The Higher Education Evaluation and Accreditation Council yesterday publicized results of its evaluation of 418 academic departments and graduate schools during the first half of last year, with National Tsing Hua University (NTHU) surprising many by having all of its undergraduate departments under the College of Humanities and Social Sciences listed in the watch list.
At a press conference, Roger Chen (陳致遠), president of the council, said that of the 418 academic departments and graduate schools from the nine universities evaluated in the first half of last year, 376 of them, or 89.95 percent, passed the evaluation.
The remaining 42 undergraduate departments and graduate schools were placed on the watch list and will undergo a follow-up evaluation in March next year, Chen said.
The council is a semi-official organization co-founded by the Ministry of Education (MOE) and universities in 2005.
Chen said the departments and graduate schools were evaluated in accordance with their objectives and characteristics, their courses and teaching conditions, their research performance, the learning environment of their students and performance of alumni.
“The primary focus of the evaluation was to review the departments’ input [to their students] and their [teaching] process,” Chen said.
Chen said the council’s reviewers put emphasis on whether the departments and graduate schools had set objectives and knew how to improve themselves.
“But many departments and graduate schools set too many objectives and failed to dedicate enough resources to fulfill all of the objectives,” he said.
Chen said that the purpose of the evaluation was to encourage academic departments and graduate schools to establish a self-evaluation mechanism, adding that the reviewed departments and graduate schools should respond to reviewers’ improvement suggestions positively.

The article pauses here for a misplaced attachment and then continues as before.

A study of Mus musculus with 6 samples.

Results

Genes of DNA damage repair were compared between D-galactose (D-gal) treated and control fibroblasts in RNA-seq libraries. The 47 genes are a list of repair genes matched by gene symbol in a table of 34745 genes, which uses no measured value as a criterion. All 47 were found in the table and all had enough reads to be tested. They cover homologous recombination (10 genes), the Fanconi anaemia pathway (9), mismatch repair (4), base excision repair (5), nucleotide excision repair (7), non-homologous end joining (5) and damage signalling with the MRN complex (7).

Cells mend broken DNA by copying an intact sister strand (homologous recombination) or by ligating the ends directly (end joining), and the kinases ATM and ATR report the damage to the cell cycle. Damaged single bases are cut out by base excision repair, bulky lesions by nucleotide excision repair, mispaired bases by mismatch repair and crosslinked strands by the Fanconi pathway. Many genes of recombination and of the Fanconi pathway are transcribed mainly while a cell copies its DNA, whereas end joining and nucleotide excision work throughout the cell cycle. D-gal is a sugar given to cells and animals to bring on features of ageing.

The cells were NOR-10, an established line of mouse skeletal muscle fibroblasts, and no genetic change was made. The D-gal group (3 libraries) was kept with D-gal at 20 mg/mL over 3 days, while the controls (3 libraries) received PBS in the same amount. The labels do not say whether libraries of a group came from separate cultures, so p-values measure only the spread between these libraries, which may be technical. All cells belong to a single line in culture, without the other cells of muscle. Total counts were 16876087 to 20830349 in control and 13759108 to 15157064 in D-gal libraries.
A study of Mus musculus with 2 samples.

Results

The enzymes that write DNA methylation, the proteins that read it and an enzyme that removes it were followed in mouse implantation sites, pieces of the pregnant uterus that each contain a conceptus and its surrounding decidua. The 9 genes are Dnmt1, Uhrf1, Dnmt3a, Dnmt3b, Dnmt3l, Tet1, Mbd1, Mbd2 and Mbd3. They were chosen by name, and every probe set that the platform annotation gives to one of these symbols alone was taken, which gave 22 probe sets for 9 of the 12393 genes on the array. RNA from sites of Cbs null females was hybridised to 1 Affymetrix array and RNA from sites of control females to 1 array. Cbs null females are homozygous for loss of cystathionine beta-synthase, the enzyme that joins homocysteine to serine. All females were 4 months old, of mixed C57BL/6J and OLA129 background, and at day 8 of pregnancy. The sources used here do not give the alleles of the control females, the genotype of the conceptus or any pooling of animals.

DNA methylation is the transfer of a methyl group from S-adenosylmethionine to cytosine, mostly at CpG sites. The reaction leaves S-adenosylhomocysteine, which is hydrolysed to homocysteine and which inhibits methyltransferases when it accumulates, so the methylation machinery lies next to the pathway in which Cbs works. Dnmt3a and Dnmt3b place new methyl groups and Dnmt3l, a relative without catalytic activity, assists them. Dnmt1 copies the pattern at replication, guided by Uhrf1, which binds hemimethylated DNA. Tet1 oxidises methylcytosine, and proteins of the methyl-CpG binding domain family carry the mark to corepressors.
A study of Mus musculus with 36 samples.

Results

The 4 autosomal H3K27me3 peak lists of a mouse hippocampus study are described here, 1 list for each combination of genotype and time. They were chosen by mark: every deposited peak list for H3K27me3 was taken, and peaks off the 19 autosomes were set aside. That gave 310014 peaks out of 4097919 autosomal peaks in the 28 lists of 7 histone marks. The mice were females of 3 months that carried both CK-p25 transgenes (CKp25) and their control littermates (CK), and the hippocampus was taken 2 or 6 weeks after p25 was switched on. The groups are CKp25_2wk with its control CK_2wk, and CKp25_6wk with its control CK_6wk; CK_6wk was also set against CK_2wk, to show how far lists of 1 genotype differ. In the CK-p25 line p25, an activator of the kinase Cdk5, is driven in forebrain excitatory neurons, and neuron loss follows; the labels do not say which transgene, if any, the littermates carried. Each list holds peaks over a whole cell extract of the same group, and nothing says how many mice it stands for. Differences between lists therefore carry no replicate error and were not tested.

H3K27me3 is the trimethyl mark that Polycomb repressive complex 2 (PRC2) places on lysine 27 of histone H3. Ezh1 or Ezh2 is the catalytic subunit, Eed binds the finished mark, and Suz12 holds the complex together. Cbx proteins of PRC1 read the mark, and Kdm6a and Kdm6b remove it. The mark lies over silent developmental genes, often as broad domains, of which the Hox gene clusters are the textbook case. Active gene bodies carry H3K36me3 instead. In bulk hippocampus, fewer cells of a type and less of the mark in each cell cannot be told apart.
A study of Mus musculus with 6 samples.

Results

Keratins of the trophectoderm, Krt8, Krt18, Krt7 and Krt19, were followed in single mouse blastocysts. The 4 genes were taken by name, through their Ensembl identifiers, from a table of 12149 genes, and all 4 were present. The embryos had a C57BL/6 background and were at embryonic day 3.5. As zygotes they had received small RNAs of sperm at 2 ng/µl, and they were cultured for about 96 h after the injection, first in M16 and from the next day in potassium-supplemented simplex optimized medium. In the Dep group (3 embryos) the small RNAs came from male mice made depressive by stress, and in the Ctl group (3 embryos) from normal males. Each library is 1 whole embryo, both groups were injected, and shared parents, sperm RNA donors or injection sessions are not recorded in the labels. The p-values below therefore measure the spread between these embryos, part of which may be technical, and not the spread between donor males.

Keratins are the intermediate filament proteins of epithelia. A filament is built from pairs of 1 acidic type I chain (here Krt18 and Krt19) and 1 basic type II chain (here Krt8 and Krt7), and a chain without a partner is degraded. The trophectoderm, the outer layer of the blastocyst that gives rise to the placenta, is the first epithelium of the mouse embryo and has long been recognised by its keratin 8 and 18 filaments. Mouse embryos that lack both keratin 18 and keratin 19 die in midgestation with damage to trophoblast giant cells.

Department of Higher Education Director-General Ho Cho-fei (何卓飛) said at a separate setting that academic departments and graduate schools on the watch list would be forced to shut down if they fail to pass the council’s next evaluation, but they could still survive if they remain on the watch list.
However, several schools that had departments or graduate schools on the watch list questioned the credibility of the evaluation.
Wang Tien-ko (王天戈), dean of NTHU’s Office of Academic Affairs, defended the school’s performance.
The university’s Department of Chinese Language and Literature, Department of Foreign Languages and Literature, Department of Humanities and Social Sciences, Institute of NanoEngineering and MicroSystems and Institute of Nuclear Engineering and Science were included in the watch list partly for lack of adequate teaching staff.
Wang said that many of the senior professors in the school’s College of Humanities and Social Sciences had retired and that the teaching positions were temporarily filled by part-time teachers because the school had a strict employment process.
Wang said the evaluation result was “unacceptable,” adding that the evaluation criterion should be adjusted in accordance with different academic fields.
Lee Ai-an (李艾安), secretary-general of Kainan University, which had 18 departments and graduate schools on the watch list, said the school had fewer resources compared with other schools as it was just established eight years ago.